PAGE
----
The author was the head writer of the souvenir booklet of one of the city’s festivities where these historical bits were published.
Marikina is indeed an interesting place with an even more interesting history. The then Marikina Mayor Bayani F. Fernando, now Chairman of the Metropolitan Manila Development Authority [MMDA], a true-blooded marikeno whose passion for the city is overwhelming, traced and marked the history places of the city so everyone can marvel how Marikina came to be.
Join me in in walking down the steps of my beloved city’s memory lane…
The Marikina Shoe Museum, the only one in the country, used to be a bigasang bayan [rice mill] owned by affluent family of DoÃƒÆ’Ã‚Â±a Teresa dela Paz,
the common descent of the Tuazon clan. It was the only rice mill in the town and farmers used to deal with Jose Peping Santos, the Tuason’s administrator, for the storage of their produced grains. Beside the rice mill was the old mansion of Dona Teresa that also serves as the office of the hacienda de Tuason. It was a huge abode where mestizas used to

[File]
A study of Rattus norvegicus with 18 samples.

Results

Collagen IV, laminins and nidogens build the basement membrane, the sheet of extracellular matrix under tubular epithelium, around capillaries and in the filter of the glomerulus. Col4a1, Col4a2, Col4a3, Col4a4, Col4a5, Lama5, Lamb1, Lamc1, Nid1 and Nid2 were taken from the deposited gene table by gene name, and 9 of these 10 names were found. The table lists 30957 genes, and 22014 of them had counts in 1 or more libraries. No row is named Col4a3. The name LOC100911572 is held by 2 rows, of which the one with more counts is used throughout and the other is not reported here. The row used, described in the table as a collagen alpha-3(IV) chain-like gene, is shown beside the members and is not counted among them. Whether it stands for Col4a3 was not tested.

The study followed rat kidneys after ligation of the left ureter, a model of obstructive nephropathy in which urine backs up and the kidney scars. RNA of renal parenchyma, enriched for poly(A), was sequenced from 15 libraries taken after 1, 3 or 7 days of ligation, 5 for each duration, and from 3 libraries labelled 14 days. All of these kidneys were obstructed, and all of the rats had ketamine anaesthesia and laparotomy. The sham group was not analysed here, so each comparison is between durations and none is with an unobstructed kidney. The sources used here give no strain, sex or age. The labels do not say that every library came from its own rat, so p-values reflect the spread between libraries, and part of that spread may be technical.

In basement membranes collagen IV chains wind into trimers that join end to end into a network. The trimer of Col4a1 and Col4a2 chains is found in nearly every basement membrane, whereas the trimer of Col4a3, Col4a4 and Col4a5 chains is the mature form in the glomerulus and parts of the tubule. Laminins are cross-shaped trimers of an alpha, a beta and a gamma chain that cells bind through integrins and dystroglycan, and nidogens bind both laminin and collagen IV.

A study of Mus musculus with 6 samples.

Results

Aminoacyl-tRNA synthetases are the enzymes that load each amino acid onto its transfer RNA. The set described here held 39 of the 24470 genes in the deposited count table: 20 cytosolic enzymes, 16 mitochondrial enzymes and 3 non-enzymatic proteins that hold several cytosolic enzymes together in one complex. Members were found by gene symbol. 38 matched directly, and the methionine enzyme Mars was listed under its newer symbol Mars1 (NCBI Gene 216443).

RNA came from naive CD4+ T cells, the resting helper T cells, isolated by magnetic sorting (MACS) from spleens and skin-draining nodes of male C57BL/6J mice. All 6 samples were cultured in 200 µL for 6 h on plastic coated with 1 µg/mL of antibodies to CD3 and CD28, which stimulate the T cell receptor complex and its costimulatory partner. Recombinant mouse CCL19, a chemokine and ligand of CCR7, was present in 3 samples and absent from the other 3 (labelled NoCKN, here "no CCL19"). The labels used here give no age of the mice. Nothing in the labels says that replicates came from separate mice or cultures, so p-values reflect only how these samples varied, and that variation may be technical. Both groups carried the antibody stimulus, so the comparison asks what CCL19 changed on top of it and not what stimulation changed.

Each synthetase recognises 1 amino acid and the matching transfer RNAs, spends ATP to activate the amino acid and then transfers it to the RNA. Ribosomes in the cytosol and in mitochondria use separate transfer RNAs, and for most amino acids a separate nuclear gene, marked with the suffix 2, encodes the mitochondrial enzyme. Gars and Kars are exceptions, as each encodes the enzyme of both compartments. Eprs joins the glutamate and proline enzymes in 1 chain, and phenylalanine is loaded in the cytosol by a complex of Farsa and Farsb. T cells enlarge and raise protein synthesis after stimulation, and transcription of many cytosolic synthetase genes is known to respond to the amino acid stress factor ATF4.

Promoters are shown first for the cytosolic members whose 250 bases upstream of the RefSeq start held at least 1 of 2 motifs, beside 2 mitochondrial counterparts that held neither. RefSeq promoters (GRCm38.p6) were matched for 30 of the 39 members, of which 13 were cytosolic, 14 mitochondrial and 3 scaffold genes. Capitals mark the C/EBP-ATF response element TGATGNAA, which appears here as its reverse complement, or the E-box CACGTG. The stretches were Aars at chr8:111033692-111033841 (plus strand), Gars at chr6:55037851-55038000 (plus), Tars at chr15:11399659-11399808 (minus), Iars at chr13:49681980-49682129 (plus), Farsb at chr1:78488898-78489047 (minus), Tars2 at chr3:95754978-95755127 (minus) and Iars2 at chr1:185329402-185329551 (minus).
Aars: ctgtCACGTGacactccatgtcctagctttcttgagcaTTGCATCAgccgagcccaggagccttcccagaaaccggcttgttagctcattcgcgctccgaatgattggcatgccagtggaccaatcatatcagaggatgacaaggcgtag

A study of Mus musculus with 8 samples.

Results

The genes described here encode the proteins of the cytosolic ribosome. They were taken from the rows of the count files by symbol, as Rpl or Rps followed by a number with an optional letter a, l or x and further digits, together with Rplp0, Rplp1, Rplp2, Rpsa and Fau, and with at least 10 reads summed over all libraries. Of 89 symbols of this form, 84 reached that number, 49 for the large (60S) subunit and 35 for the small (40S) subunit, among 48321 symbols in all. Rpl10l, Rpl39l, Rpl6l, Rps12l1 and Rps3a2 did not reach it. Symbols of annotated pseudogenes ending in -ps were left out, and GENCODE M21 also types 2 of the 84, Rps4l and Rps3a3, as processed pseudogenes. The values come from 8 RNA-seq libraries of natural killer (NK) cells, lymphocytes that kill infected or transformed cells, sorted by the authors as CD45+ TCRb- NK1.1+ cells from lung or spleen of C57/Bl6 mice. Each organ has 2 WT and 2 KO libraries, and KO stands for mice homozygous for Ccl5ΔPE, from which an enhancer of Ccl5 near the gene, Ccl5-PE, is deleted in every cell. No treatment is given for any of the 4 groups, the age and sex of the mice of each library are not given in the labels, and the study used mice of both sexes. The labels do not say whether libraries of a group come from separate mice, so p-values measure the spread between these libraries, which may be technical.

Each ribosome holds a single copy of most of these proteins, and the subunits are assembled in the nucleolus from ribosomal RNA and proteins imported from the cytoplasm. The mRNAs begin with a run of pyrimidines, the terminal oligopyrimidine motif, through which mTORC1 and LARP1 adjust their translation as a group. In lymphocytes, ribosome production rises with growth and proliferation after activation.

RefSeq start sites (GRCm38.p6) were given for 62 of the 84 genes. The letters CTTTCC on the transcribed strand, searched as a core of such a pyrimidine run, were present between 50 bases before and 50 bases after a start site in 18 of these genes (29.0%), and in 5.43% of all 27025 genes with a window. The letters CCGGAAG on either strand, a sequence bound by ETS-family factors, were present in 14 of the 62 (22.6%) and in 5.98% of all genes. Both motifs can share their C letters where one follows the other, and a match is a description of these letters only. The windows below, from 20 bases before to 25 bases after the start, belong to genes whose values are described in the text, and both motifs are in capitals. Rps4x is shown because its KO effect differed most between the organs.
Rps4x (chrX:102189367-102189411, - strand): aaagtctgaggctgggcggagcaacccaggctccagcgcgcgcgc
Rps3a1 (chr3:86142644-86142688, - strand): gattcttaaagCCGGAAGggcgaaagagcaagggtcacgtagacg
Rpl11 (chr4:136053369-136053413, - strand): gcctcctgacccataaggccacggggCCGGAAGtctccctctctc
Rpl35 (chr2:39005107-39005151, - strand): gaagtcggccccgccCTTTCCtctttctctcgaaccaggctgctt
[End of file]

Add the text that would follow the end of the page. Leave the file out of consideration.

party accompanied by a symphony orchestra.
Old stories provided that the regal house has been destroyed by fire but no account has been established. During the American regime, the lot was used for the construction of a puericulture center that responded to the medical and health needs of the residents of Marikina. It is now occupied by a shoe supply center.
The Shoe Museum is located along J.P. Rizal St., Sta. Elena, Marikina City adjacent to the Our Lady of the Abandoned Church (OLA). If you are taking a jeepney frome Cubao or Katipunan area, ride one with the sign ‘Calumpang, Marikina’ and it will bring you exactly in front of the museum.